The European Arrest Warrant (EAW) was adopted by the European Union to facilitate the extradition of individuals between Member States to face prosecution for a crime, or to serve a prison sentence for an existing conviction. The Government recognises the importance of the EAW. The Home Secretary, Rt Hon Amber Rudd MP, has called it an “effective tool that is essential to the delivery of effective judgment on … murderers, rapists and paedophiles”, and stressed that “it is a priority for [the Government] to ensure that we remain part of the arrangement”. It has brought significant benefits to the United Kingdom. Annually, around 1,000 individuals per year are surrendered to other EU Member States under the EAW while, on average, the UK issues over 200 European Arrest Warrants seeking the extradition of individuals to this country. The EAW has brought high-profile criminals back to the UK, such as the fugitive bomber, Hussain Osman, who, along with accomplices, attempted to carry out a terror attack in London on 21 July 2005.
Yet following the referendum on the UK’s membership of the EU, the Government has stated that it intends to remove the jurisdiction of the European Court of Justice (CJEU) in the UK. What this will mean has been the subject of much debate and discussion. But it is clear from the evidence that we received that the Government’s plans for the CJEU create a tension with the operational necessity to deport serious criminals from the UK quickly and effectively, and to ensure that those who are wanted by the UK answer for their crimes here. We heard, for instance, that if the CJEU is not to be a final arbiter on any instruments of mutual recognition between the UK and EU on future extradition matters, it is unclear how such instruments would operate in practice.
This report outlines the pronouncements that the Government has made regarding the future role of the CJEU. It considers whether the Government’s desire to remove completely the jurisdiction of the Court will ever be truly practicable. It explores other options for resolving disagreements between the UK and the EU in the absence of the Court of Justice, looking in particular at the EFTA Court as a potential—if limited—model for such arrangements. But it also questions whether the EU-27 will in fact be willing to establish bespoke arrangements such as a parallel court, solely to accommodate the UK’s objectives.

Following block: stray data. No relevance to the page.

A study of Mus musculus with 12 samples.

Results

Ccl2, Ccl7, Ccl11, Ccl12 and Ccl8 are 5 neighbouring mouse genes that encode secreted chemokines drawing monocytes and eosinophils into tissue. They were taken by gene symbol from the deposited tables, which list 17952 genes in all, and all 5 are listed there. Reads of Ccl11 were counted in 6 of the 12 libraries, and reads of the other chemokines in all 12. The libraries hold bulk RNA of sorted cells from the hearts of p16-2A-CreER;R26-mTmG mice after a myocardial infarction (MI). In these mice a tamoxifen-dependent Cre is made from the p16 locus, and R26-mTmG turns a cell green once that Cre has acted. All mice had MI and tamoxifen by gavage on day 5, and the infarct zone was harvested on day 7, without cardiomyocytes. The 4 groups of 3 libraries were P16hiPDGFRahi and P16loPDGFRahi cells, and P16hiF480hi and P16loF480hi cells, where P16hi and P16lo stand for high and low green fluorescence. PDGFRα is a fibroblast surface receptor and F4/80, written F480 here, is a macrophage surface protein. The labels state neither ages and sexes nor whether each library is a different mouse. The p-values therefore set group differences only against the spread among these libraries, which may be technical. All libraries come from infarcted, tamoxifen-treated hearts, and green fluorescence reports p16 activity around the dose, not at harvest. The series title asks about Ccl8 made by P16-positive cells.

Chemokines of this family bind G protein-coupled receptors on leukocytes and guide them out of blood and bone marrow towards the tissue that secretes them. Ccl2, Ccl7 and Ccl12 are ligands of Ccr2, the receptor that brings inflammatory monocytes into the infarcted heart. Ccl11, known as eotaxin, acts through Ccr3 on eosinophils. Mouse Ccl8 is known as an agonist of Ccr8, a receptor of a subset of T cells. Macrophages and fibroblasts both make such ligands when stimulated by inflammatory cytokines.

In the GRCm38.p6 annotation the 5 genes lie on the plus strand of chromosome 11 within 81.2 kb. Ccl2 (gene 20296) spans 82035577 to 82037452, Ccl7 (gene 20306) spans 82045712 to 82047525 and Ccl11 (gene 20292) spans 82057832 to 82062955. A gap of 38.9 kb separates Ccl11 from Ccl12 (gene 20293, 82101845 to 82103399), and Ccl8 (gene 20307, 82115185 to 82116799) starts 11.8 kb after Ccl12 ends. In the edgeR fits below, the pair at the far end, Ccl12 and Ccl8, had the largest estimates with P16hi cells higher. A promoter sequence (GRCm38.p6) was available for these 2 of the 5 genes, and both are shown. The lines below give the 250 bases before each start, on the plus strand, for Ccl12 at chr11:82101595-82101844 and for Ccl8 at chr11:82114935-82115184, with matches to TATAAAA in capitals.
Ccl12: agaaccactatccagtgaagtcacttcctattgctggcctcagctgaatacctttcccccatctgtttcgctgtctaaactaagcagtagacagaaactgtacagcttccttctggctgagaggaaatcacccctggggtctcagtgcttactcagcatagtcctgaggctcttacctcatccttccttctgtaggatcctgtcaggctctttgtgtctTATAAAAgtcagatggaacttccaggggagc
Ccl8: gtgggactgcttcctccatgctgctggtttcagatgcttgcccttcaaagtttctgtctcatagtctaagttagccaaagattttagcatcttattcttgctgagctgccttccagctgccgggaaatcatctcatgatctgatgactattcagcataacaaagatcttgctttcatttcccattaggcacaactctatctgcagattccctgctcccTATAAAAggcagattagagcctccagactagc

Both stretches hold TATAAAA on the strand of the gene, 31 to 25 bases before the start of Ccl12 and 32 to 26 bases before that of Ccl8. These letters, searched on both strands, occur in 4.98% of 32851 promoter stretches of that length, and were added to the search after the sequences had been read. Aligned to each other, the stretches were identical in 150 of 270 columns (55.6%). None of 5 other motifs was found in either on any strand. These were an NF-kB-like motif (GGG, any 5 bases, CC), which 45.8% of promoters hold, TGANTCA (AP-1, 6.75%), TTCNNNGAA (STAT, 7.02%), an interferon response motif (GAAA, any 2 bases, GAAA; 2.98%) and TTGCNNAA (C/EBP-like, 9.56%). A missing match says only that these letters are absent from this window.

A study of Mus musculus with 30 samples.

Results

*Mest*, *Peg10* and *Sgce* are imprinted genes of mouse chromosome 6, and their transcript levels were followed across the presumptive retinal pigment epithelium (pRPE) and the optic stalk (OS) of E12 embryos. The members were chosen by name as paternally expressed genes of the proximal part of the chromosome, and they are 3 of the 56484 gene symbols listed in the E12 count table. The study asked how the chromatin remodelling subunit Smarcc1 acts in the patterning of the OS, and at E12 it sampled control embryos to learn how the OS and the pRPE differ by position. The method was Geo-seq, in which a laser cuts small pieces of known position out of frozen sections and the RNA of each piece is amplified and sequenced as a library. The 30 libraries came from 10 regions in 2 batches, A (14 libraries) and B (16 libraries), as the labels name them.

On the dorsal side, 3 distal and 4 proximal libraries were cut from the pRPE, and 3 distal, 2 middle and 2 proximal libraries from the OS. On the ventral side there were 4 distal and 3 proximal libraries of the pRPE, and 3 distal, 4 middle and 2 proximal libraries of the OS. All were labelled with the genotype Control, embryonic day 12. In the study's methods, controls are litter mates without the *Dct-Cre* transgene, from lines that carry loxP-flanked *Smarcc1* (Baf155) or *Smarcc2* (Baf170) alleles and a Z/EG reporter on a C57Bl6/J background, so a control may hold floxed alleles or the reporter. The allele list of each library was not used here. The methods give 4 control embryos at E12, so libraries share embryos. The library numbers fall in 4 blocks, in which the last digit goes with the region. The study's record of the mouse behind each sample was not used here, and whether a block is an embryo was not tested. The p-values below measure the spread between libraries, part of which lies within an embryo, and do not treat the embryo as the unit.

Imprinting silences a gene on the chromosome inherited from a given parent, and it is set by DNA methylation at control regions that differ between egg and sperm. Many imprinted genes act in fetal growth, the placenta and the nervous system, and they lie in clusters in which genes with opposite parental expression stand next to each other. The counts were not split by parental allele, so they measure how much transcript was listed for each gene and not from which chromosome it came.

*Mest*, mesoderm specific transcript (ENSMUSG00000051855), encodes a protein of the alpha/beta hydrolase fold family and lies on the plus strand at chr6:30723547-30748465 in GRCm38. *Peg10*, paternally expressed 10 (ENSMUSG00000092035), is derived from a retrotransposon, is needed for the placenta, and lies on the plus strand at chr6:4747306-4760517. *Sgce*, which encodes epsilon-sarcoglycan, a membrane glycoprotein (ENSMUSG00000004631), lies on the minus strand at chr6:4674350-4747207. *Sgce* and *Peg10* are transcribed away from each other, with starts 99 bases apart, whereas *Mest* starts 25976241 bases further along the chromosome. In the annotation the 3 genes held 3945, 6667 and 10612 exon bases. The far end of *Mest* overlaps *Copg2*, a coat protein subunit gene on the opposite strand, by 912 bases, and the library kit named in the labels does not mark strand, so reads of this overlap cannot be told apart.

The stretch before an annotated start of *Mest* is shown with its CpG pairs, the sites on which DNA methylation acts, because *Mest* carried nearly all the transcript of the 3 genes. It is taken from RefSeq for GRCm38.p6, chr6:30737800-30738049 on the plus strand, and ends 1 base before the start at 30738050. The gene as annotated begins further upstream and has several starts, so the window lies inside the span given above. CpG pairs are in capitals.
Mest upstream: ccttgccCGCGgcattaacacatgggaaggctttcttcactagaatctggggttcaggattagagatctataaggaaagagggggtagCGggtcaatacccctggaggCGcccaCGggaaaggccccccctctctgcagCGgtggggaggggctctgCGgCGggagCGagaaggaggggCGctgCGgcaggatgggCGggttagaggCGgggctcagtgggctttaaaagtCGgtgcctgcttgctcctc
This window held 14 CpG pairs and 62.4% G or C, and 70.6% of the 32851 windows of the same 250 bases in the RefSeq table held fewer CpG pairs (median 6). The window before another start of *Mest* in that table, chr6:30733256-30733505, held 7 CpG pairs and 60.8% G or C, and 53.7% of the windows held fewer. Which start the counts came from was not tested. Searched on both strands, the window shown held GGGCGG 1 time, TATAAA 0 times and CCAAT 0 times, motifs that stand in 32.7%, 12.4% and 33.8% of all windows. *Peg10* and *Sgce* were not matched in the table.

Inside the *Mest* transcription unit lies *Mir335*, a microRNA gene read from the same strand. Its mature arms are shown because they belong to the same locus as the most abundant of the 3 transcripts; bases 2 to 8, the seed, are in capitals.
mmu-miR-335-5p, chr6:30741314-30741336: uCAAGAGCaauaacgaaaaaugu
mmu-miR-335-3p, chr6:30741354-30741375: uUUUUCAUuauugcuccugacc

The report asks whether alternatives to the European Arrest Warrant are possible. It looks into fall-back options: the agreement reached between Norway and Iceland and the EU; or returning to political or diplomatic approaches to secure extradition. It examines each option according to whether they represent an efficient replacement for the current system.
We note that the Norway-Iceland agreement’s political dispute resolution mechanism would be compatible with the Government’s desire to end CJEU jurisdiction. But in considering transitional arrangements, we agree with witnesses who suggested that any such arrangement would likely include accepting, at least in part, the jurisdiction of the CJEU. In particular, this is because any other interim arrangement would itself take time to negotiate and agree—time that is already at a premium in the run-up to March 2019.
We stress, however, that a transitional arrangement that simply extends the status quo in relation to the EAW will be difficult to secure. In leaving the EU, the UK will no longer be party to other, related EU arrangements, such as the EU Charter of Fundamental Rights, EU data protection laws, and laws on EU citizenship. We therefore remain concerned about the prospect of a “cliff-edge” in our extradition arrangements, and emphasise that a gap between the EAW ceasing to apply and a suitable replacement coming into force would pose an unacceptable risk to the safety of the people of the UK.